Caesarism in the USA
There are ample reasons to question what can be learned from the past. All history is oversimplification -- some is guesswork, some is prejudice, and all of it is a riddle. Also, as Will and Ariel Durant have noted, "our conclusions from the past to the future are made more hazardous than ever by the acceleration of change." Yet parallels can be noted and they can be helpful for those who want to influence future events.
At this critical time, the citizens of the United States of America would benefit from revisiting two books that are now forgotten. The Coming Caesars by Amaury de Riencourt was published in 1957 and The Riddle of History by Bruce Mazlish in 1966. Both suggest that Americans should be concerned about Caesarism.
According to Reincourt: "Caesarism is not dictatorship, not the result of one man's overriding ambition, not a brutal seizure of power through revolution. It is not based on a specific doctrine or philosophy. It is essentially pragmatic and untheoretical. It is a slow, often century-old, unconscious development that ends in a voluntary surrender of a free people escaping from freedom to one autocratic master."
In the United States, Caesarism was born when Justice John Marshall undercut the Founders' vision of limited government, few bureaucrats, decentralization of power, and American citizens as sovereign. Our Founders knew that centralization of power was the cause of the decline and decay of both Greece and Rome. Caesarism gained acceptability with Andrew Jackson, Theodore Roosevelt, and the Seventeenth Amendment. Under Woodrow Wilson, government gained the ability to manipulate the wealth and productivity of the whole country through taxation, changing the value of the currency, and debt manipulation. And finally, Caesarism was openly installed by Franklin D. Roosevelt.
Congress has never been able to regain the power the Founders expected it to have. Instead, Congress has been content to "go along to get along" with the commander in chief and to compromise just as long as congressmen and senators were left free to reward their political supporters. Congress never took advantage of what the Founders had given it, nor challenged the claim of the Supreme Court that it alone determined what was constitutional. Congress dodged the hard work of governance. Ronald Reagan made a halfhearted attempt to reverse the drift toward centralization, while at the same time acting much like a Caesar himself.
According to Riencourt: "The prime element in this situation is neither political nor strategic -- it is essentially psychological. It is the growing "father complex" that is increasingly evident in America, the willingness to follow in any emergency, economic or military, the leadership of one man. It is the growing distrust of parliaments, congresses, and all other representative assemblies, the growing impatience of Western public opinion at their irresponsibility, lack of foresight, sluggishness, and indecisiveness. Further, it is the impulsive emotionalism of American public opinion. Such was Rome's public opinion in the first century B.C.".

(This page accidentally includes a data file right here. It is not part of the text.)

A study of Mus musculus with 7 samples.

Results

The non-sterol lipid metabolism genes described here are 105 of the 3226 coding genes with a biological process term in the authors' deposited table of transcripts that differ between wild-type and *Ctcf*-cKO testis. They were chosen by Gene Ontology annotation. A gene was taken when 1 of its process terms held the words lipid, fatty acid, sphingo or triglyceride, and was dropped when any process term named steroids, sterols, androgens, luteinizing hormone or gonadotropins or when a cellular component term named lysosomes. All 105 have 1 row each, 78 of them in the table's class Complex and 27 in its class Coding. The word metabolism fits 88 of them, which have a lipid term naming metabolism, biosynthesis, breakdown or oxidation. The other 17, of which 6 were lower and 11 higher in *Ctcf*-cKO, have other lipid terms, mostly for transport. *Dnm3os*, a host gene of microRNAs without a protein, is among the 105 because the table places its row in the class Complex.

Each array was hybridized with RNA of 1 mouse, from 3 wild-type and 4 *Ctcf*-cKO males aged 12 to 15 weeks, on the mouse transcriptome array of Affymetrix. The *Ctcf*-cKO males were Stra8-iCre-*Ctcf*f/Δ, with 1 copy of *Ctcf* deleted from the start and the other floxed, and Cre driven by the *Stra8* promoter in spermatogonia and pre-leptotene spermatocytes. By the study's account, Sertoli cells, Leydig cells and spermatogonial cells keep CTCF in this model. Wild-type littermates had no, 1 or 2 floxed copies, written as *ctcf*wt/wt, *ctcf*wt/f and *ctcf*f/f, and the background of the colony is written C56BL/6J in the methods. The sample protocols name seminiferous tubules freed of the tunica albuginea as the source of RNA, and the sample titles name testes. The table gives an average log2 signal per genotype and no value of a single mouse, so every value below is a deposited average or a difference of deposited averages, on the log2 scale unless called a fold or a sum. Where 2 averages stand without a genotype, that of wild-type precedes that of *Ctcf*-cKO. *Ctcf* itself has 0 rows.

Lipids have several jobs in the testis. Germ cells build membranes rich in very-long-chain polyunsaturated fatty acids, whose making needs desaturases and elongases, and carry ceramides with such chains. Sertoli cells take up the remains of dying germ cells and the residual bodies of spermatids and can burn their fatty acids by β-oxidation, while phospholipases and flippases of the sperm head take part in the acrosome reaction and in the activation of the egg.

The rise of Caesars is the outcome of political and legal evolution. Each generation "having unconsciously added its stones to the towering pedestal on which they are going to stand." Thus today the United States has a large, centralized government that has rules, regulations, and laws to control everything -- and Americans are only sovereign in theory.
Our future is not going to be determined by global warming or a new source of energy. It is going to be determined by the minds and inner compasses of Americans. Humans live in cycles. The questions are (1) how are we going to find out what these cycles are, and (2) where do we stand today in our cycle? Recognizing how Caesarism has grown in the United States is a critical step in achieving a better future.
It is time for an American Manifesto restating the principles and ideals of the Founders and challenging Caesarism. Since human beings do not like to change their institutions, or rethink their philosophies, will an American Manifesto be of any practical use? It can be, but not alone. In order to reap any practical benefits more is required. The American Manifesto can only state an ideal and a path.
The next step must be debate on and modification of any manifesto. Then most Americans must develop a common identity based on the principles and ideals contained in this manifesto -- rather than seeing themselves as members of factions.
Finally, there must be political action -- by a political movement that advocates limited government, fewer bureaucrats, decentralization of power, and American citizens actually being the sovereign.
The Romans failed at this task, a failure followed by centuries of decay and anarchy throughout the West. Is it possible for the United States to succeed?